Self publishing books is a great path to making a full-time income and building your authority. While heightened competition has made it a little more difficult than it was a few years ago, it’s still possible for any new author can build up a full-time income self publishing brand.
A fear of saturation in the self publishing industry is one of the many myths that holds back would-be authors from publishing books and generating royalties. The self publishing journey is time consuming, but that’s true of all efforts worth pursuing.
It would be very concerning to see someone shy away from a goal solely because it is time consuming.
Some of the most common myths dissuade people from self publishing their own books and entering this business. These are 3 of the common myths that hold writers back.
Myth #1: Writing A Book Is Hard
When most people think of a book, they think of a 200+ page masterpiece with detailed research. However, that’s not most books. In fact, you can write a book that’s less than 100 pages.
Don’t focus on the amount of pages you have to write. Focus on the word count. For many authors, a 20,000 word book equates to 100 pages.
Each word you write gets you closer to finishing your book. Seeing quick progress will make it easier for you to continue versus feeling like you have to fill up an entire page to claim a sense of progress.
You also don’t have to write the book in one sitting, and almost no author writes their book in one sitting. Think back to the 20,000 word example. If you write 500 words per day, you’ll complete the 20,000 word book in 40 days. If you decide to write 1,000 words each day, you’ll complete that same book in 20 days.
The average person types at 40 words per minute, and you will end up typing faster over time. At 40 words per minute, it will take you roughly 12.5 minutes to write 500 words and 25 minutes to write 1,000 words.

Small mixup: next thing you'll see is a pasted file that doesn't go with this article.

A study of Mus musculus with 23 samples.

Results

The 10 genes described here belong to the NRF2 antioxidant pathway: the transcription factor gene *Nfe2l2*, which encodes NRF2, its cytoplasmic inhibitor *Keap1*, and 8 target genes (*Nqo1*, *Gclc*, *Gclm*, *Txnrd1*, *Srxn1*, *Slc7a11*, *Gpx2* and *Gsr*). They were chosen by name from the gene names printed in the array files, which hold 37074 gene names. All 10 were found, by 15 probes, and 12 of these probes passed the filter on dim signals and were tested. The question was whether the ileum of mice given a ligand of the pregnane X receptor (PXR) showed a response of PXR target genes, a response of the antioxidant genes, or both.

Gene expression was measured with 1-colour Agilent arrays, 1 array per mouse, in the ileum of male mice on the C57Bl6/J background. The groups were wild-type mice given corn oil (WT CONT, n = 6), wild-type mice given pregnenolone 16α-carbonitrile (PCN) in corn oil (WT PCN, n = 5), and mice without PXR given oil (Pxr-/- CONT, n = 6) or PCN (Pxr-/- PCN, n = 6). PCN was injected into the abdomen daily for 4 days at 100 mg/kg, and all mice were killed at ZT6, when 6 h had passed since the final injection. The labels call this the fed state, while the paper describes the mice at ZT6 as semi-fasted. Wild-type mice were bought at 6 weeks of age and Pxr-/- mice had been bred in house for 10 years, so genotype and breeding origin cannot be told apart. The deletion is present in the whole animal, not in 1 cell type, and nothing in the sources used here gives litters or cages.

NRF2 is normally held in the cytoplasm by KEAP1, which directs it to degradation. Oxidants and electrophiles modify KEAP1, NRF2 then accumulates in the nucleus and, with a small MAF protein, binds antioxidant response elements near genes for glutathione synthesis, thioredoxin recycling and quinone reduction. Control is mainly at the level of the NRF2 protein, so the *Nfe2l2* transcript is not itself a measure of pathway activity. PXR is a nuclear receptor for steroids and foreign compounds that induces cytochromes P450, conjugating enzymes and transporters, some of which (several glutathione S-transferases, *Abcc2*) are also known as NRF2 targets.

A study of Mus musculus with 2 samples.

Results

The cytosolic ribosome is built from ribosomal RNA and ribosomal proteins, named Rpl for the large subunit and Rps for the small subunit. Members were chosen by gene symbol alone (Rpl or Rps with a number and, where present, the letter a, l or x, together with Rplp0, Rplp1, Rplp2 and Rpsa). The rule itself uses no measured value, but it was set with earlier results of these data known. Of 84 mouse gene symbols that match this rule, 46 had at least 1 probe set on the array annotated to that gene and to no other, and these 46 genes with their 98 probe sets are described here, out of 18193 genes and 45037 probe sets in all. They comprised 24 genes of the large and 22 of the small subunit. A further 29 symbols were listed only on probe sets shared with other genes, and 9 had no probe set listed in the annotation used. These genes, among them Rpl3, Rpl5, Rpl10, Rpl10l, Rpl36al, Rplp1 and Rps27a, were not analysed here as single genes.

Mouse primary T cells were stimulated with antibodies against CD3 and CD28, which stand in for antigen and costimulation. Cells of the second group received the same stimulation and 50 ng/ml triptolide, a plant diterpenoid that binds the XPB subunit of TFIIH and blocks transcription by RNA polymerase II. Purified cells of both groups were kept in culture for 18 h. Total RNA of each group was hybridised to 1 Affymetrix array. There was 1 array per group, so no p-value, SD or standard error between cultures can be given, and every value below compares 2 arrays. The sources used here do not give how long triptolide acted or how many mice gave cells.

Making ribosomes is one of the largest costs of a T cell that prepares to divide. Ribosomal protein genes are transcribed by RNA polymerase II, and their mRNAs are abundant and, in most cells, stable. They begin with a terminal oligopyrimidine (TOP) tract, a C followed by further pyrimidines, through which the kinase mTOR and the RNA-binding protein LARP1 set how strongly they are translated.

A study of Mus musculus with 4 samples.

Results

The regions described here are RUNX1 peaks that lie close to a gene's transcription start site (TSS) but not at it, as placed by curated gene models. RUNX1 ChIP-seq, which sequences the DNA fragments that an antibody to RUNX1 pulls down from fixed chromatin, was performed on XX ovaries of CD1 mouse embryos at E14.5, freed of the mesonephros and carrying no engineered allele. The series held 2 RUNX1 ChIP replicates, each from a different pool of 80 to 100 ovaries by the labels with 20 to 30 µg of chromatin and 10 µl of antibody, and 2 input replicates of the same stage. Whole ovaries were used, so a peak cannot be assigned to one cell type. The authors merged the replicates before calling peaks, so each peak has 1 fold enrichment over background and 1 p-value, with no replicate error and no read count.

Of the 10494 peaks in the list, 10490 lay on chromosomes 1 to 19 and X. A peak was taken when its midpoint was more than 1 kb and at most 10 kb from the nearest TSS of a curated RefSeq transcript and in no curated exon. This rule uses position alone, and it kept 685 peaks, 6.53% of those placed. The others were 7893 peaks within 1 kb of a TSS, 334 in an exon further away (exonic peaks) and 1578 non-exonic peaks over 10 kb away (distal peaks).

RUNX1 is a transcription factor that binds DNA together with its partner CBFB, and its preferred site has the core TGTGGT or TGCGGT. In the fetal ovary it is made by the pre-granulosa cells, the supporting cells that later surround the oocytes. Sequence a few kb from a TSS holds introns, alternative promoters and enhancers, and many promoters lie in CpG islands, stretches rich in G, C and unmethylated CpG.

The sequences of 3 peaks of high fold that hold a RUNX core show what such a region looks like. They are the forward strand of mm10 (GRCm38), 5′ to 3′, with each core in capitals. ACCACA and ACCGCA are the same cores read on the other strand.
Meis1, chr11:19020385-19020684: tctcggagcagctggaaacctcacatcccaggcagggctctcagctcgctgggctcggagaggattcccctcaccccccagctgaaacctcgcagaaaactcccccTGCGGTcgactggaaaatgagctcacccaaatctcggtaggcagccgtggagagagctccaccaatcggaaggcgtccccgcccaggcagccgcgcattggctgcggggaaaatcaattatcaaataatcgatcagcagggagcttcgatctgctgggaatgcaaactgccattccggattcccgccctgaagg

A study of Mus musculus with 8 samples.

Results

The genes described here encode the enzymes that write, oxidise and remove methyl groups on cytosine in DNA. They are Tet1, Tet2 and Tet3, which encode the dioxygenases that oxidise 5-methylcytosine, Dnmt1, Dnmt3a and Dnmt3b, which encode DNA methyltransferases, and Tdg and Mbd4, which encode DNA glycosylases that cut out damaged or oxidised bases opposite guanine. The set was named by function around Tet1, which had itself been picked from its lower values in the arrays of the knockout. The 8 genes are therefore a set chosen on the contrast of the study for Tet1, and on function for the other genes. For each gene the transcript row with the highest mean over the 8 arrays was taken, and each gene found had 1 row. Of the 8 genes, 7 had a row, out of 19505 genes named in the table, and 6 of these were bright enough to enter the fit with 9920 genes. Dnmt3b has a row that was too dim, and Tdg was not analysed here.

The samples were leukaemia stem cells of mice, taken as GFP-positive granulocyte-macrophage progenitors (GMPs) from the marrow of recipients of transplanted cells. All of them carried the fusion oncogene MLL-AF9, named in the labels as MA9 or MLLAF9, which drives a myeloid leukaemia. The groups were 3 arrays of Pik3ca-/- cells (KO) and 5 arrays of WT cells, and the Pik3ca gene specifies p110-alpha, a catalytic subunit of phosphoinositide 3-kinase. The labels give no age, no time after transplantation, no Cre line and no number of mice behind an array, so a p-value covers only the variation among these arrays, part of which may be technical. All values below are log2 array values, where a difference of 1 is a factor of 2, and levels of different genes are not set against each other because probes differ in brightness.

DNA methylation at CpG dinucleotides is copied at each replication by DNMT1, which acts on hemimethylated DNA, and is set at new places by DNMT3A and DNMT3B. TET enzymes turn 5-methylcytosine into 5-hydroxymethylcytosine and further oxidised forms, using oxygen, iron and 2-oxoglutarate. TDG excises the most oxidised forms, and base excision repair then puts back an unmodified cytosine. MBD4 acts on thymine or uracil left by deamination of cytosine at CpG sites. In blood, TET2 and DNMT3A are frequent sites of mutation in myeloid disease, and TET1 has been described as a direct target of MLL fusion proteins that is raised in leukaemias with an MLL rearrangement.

To avoid getting stuck in the writing process, create a detailed outline of your book before you start writing. This will help you maintain 40 wpm as your lower threshold and possible accelerate to 50-60 wpm. This acceleration becomes more realistic as you write more often.
Myth #2: I Have To Sell Many Copies To Make A Full-Time Income
The most common path for new self publishers is to publish $2.99 Kindle books on Kindle Direct Publishing. Although this is a common path for beginners, it’s also a common path the pros stick with. Why break something that’s working just fine?
For a $2.99 Kindle book, you’ll make roughly $2 in royalties for each sale. It will vary slightly based on the size of your book file, but most people will end up with a $2 royalty.
To make 6-figures, you’d have to sell 50,000 books each year. That adds up to 4,167 books each month. When you think of this scenario, it’s easy to see why Myth #2 dominates the conversation. However, there are three workarounds.
The first workaround is publishing more books. Let’s say you publish 10 books. Now, each book has to sell an average of 417 copies each month for you to hit 6-figures. Your odds significantly increase with this approach versus having to sell 4,167 copies of a single book each month. You can also publish book series to lead readers from one book to the other.
The second workaround is to also offer paperback and audiobook editions of your books. Authors typically earn higher commissions on paperbacks and audiobooks, but you’d still have to sell thousands of copies each month to hit 6-figures.
The third workaround is to offer services within your book. You can use a book to drive customers to your existing business rather than solely rely on the book royalties. If someone reads your book and proceeds to buy your $1,000 service, you didn’t make a $2 royalty from that book. You made $1,002, and someone who spends $1,000 for one of your services is likely to return in the future whether it be for a different service or to buy your next book.
You don’t have to sell as many copies as you think if you incorporate your book with your existing business or build a business around your book.
Myth #3: I’m Not A Good Writer
This is where self-doubt enters the conversation. No one starts as a good writer. Look at anyone’s first bunch of blog posts and you’ll see they’re very different from their current blog posts.
The only way you become a good writer is through practice, and why not get paid to practice? You can write books, blog posts, Medium articles, and other content that allows you to get paid to practice writing.
Furthermore, not every reader looks for great writing. Some readers care far more about the takeaways from a nonfiction book or the plot of a fiction book. If those are good, some of your readers may overlook when your writing isn’t perfect. No writer is perfect, and it’s a skill you refine over time.